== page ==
Paula Plum (left) and Nancy E. Carroll star in the Greater Boston Stage Company production of “Last Night at Bowl-Mor Lanes.”Greater Boston Stage Company

“Last Night at Bowl-Mor Lanes” is a comedy about friendship and competition written by Greater Boston Stage Company artistic director Weylin Symes. The world premiere, which runs Sept. 5-29 at the Stoneham theater, is set in a bowling alley, with two old friends trying to settle a score with one last game. “Last Night at Bowl-Mor” features two of Boston’s grand dames of the theater, Nancy E. Carroll and Paula Plum. The dynamic duo took a break from rehearsal to talk multitasking in front of an audience.

Q. How’s your bowling form?

Nancy E. Carroll:I can hit a tennis ball and a baseball, and I made it to the Olympic trials in gymnastics with a floor routine, but all my bowling balls go directly into the gutter.

Paula Plum: Well, I’m from Lynn, so candlepin bowling was something one did as a kid, but I’m not an athlete.


Q. Is it a challenge to bowl onstage while remembering your lines?

Carroll: It’s crazy. The sound cues are tied to the pins falling [which happens offstage], so not only do we have to remember the conversation we’re having, we have to remember which frame we’re on, keep track of the score, and remember whose turn it is.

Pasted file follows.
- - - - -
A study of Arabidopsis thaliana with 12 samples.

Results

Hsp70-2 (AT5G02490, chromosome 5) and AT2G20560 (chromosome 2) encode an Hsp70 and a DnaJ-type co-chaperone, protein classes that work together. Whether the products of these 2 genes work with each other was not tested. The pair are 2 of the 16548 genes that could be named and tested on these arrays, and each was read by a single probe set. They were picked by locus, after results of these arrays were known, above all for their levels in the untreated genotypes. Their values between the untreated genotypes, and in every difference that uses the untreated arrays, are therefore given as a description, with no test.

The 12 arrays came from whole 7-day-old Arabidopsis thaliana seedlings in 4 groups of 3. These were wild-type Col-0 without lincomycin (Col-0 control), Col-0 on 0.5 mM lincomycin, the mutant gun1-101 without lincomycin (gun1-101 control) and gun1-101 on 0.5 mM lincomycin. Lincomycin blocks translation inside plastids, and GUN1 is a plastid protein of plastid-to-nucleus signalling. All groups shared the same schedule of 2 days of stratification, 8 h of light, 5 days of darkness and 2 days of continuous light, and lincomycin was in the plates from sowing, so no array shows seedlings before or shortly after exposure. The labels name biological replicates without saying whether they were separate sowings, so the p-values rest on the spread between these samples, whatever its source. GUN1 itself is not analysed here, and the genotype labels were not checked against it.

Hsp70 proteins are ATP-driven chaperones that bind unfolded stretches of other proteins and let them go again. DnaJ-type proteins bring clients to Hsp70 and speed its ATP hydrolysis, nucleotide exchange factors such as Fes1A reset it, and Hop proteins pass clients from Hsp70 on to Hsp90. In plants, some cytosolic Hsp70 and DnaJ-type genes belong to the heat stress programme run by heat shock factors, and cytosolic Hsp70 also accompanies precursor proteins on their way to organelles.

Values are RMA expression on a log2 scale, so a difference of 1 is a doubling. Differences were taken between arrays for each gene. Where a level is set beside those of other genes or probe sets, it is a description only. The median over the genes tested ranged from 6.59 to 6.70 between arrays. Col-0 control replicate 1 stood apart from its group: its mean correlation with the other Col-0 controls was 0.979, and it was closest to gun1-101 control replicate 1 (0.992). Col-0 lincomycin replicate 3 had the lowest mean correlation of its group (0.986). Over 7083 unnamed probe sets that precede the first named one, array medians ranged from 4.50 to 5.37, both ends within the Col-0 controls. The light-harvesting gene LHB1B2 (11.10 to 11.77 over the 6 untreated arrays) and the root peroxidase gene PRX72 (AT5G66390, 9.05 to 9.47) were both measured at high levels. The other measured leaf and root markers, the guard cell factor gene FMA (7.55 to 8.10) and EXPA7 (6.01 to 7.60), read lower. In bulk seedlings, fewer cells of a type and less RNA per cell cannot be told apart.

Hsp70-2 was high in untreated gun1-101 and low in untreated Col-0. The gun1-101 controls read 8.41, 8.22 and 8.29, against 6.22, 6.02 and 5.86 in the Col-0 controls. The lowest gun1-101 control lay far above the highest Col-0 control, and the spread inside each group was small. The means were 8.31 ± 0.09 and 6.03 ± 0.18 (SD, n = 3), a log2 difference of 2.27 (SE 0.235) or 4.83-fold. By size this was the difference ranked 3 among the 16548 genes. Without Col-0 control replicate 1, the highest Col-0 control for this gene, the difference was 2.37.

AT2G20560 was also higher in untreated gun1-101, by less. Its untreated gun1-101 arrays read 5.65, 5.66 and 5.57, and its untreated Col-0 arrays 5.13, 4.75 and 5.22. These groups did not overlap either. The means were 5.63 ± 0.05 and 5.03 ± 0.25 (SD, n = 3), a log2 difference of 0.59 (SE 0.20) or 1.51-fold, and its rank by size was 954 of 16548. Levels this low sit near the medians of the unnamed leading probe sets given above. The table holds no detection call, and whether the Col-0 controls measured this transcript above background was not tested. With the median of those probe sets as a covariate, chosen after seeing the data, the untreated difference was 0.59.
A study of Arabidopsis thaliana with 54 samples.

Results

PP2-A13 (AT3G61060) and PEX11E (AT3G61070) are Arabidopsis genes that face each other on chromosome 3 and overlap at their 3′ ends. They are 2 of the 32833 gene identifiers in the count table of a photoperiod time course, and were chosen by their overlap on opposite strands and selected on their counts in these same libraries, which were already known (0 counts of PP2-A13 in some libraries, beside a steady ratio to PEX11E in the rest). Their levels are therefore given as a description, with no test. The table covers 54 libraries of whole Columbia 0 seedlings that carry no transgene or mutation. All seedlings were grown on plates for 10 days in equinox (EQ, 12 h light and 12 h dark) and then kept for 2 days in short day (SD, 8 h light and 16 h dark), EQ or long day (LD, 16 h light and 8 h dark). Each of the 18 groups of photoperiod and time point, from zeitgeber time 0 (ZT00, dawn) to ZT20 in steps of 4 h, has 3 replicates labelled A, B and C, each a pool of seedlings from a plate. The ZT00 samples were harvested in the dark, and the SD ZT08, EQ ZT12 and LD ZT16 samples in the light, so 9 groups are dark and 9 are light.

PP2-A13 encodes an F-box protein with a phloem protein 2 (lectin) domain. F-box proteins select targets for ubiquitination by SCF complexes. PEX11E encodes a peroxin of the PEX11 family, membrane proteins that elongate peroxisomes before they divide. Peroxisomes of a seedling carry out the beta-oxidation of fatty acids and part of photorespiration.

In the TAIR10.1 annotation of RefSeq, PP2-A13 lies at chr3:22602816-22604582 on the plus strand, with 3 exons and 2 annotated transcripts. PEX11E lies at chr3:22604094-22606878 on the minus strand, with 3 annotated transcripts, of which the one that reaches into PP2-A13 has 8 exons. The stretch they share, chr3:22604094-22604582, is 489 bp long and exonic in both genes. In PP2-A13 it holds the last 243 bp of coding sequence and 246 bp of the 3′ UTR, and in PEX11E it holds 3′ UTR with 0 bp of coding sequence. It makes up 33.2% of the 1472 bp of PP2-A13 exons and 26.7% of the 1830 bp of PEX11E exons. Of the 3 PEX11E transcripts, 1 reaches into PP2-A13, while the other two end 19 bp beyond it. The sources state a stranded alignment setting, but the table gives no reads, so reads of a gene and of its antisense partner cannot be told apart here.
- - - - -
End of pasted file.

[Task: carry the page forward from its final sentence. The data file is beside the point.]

Plum: We’re both used to being onstage a lot, but the logistics of this one — the timing and the traffic — make it challenging and fun.

Q. The action of the play revolves around an intense competition between these two old friends. Is that something you can relate to?

Plum: I’m pretty competitive. I don’t want anyone to tell me how to do it.

Carroll: But we’re not competitive with each other. This is only the fourth time we’ve worked together, and it’s such a pleasure to share the stage with someone you really enjoy being with.

Q. What appealed to you about the script?

Carroll: It’s fun to play women who have such a long history together. They’ve witnessed a lot.

Plum: It’s also rare to see female pairs of comics who are evenly matched. These two women, Maude and Ruth, balance physical comedy with interesting backstories. We’re having a lot of fun with that.


P resented by Greater Boston Stage Company, Stoneham, Sept. 5-29.
Tickets $42-$57, 781-279-7885, www.greaterbostonstage.org


Terry Byrne can be reached at trbyrne@aol.com.